Insulog(TM) Will Have A Hard Time Living Up To All That Everyone Says It’s “Tracked” Up To Be

Who remembers the MiniDisc?  What about the Zip disk?  These were data storage media that came out in the 1990s and were expected to become the hardware format of choice for both music lovers and computer users.  MiniDiscs could record and play the clearer and crisper sounds of a compact disc compared with that of the cassette tape, and the amount of data that could be stored on a single Zip disk was volumes beyond a standard 3.5 floppy.

Unfortunately for the MiniDisc and the Zip disk creators, once the writable CD became available, the advantages they afforded us were not that significant, both in quality and quantity.  And when the USB drive and MP3s came on the scene, the MiniDisc and Zip disk were rendered all but obsolete.  These technologies came and went without making barely a splash in the data storage marketplace.

Enter InsulogTM.  Nobody likes a pessimist, but in my estimation this product will go the way of the Minis and the Zips.

In the explanatory video for the Indiegogo campaign  that InsulogTM launched last week, they lay out for the uninitiated, the difficulties involved with a diabetic trying to keep track of his daily insulin intake.  Neglecting to write down the time and dosage of the shot can lead to a life threatening situation, as the Israeli company’s founder, Menash Michael, discovered the hard way.  The InsulogTM clip-on device logs and stores the relevant data on a smartphone, integrates with health apps and allows the user to transmit the insulin intake history to his healthcare provider.  It is compatible with all major insulin pen brands.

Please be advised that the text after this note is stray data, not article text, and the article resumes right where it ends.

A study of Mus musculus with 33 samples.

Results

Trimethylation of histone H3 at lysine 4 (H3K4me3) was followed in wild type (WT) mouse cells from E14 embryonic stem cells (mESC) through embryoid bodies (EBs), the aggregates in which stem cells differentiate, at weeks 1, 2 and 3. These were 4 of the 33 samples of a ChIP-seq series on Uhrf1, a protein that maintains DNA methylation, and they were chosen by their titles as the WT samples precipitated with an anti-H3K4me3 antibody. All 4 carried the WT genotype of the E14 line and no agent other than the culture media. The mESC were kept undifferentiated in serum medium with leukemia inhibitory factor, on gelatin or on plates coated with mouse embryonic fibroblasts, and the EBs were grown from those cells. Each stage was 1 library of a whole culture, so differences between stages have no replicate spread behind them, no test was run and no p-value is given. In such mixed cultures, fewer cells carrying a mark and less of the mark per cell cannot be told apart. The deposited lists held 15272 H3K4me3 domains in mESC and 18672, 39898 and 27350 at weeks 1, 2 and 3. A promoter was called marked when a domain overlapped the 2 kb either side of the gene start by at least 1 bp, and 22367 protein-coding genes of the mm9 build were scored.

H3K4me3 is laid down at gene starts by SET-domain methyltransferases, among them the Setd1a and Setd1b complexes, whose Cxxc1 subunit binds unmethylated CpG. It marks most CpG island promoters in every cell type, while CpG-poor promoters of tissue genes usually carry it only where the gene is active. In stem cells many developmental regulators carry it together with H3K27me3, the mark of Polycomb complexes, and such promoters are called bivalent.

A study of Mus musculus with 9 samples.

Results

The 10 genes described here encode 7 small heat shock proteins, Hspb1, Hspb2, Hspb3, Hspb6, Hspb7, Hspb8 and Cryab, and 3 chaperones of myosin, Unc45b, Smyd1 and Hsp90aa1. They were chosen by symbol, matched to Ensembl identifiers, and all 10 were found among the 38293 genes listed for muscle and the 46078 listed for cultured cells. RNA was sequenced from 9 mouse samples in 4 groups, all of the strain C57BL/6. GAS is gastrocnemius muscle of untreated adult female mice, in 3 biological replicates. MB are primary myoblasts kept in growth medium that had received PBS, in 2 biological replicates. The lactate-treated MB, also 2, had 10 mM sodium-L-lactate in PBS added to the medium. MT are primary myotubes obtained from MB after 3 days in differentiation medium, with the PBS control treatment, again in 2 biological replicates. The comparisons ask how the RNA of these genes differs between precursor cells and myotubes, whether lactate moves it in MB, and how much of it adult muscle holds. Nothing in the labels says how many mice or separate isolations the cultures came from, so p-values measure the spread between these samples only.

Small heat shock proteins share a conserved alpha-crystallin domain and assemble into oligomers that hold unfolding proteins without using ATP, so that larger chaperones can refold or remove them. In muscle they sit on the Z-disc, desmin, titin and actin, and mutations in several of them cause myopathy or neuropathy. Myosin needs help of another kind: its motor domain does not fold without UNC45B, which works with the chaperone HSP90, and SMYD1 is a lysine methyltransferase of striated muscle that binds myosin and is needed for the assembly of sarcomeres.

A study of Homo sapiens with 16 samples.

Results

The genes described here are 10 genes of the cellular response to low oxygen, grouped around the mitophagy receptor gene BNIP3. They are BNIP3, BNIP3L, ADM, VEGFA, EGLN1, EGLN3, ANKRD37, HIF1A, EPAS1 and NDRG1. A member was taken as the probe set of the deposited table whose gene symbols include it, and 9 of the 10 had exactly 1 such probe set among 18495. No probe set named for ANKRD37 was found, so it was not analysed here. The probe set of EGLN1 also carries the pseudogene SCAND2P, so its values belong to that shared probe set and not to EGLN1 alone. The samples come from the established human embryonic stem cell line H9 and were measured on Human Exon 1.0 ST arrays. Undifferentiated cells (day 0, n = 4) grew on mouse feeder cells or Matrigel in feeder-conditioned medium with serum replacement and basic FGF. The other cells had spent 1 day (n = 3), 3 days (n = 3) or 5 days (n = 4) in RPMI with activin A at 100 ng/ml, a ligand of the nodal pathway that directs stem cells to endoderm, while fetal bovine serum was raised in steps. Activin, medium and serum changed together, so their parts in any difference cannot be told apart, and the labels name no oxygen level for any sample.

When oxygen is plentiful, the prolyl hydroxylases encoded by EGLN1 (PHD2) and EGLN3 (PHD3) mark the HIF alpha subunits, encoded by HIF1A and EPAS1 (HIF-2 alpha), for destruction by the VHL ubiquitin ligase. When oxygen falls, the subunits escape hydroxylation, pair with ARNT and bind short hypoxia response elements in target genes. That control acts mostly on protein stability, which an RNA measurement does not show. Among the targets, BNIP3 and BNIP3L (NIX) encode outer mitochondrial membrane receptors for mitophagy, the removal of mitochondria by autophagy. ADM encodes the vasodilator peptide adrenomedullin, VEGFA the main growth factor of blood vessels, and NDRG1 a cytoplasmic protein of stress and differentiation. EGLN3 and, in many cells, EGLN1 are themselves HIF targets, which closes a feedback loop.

This is something that can relatively inexpensively help hundreds of millions of people worldwide.  It is based on a patent pending technology, has received tons of encouraging press, and within a week has reached 22% of its crowdfunding goal.  So why the negativity?

For one thing, devices that attach to insulin pens to track insulin intake already exist.  The InsulCheck® device snaps on the pen, and once it verifies completion of the injection, displays the current time to indicate to the user the amount of time since the last injection.  Then there’s Timesulin®, “a timer enabled replacement cap for your insulin pen that tells you how long it’s been since your last insulin injection, “ according to CEO and co-founder John Sjolund.  After taking an injection you slide the sleeve/cap onto the pen and the timer begins.

While InsulogTM does so much more than simply serve as an automatic timer it is still not the only nor most advanced device that connects an insulin pen with a smartphone.  Companion Medical’s InPenTM, a smart insulin delivery pen, already received FDA approval to use with Lilly’s Humalog and Novo Nordisk’s Novolog, and expects to go to market next year.  Since InPenTM comes as a single integrated unit it provides a variety of features that include and go beyond what InsulogTM is capable of offering.

The transformation from a dumb to a smart device is the way of the present.  If other insulin pen manufacturers aren’t already following on the heels of Companion Medical, they will be soon.  Then there will be no need for a removable device that turns a regular insulin pen to a smart insulin pen, just to provide the same (or fewer) features that are incorporated in a one-piece souped-up insulin pen.

Alas, this isn’t the first time, and won’t be the last, that a seemingly unique and progressive product is sandwiched in time between a mechanism that underperforms it and a technology that outperforms it.

Whether InsulogTM will be successful in finishing its crowdfunding campaign remains to be seen, but don’t expect it to go much further than that.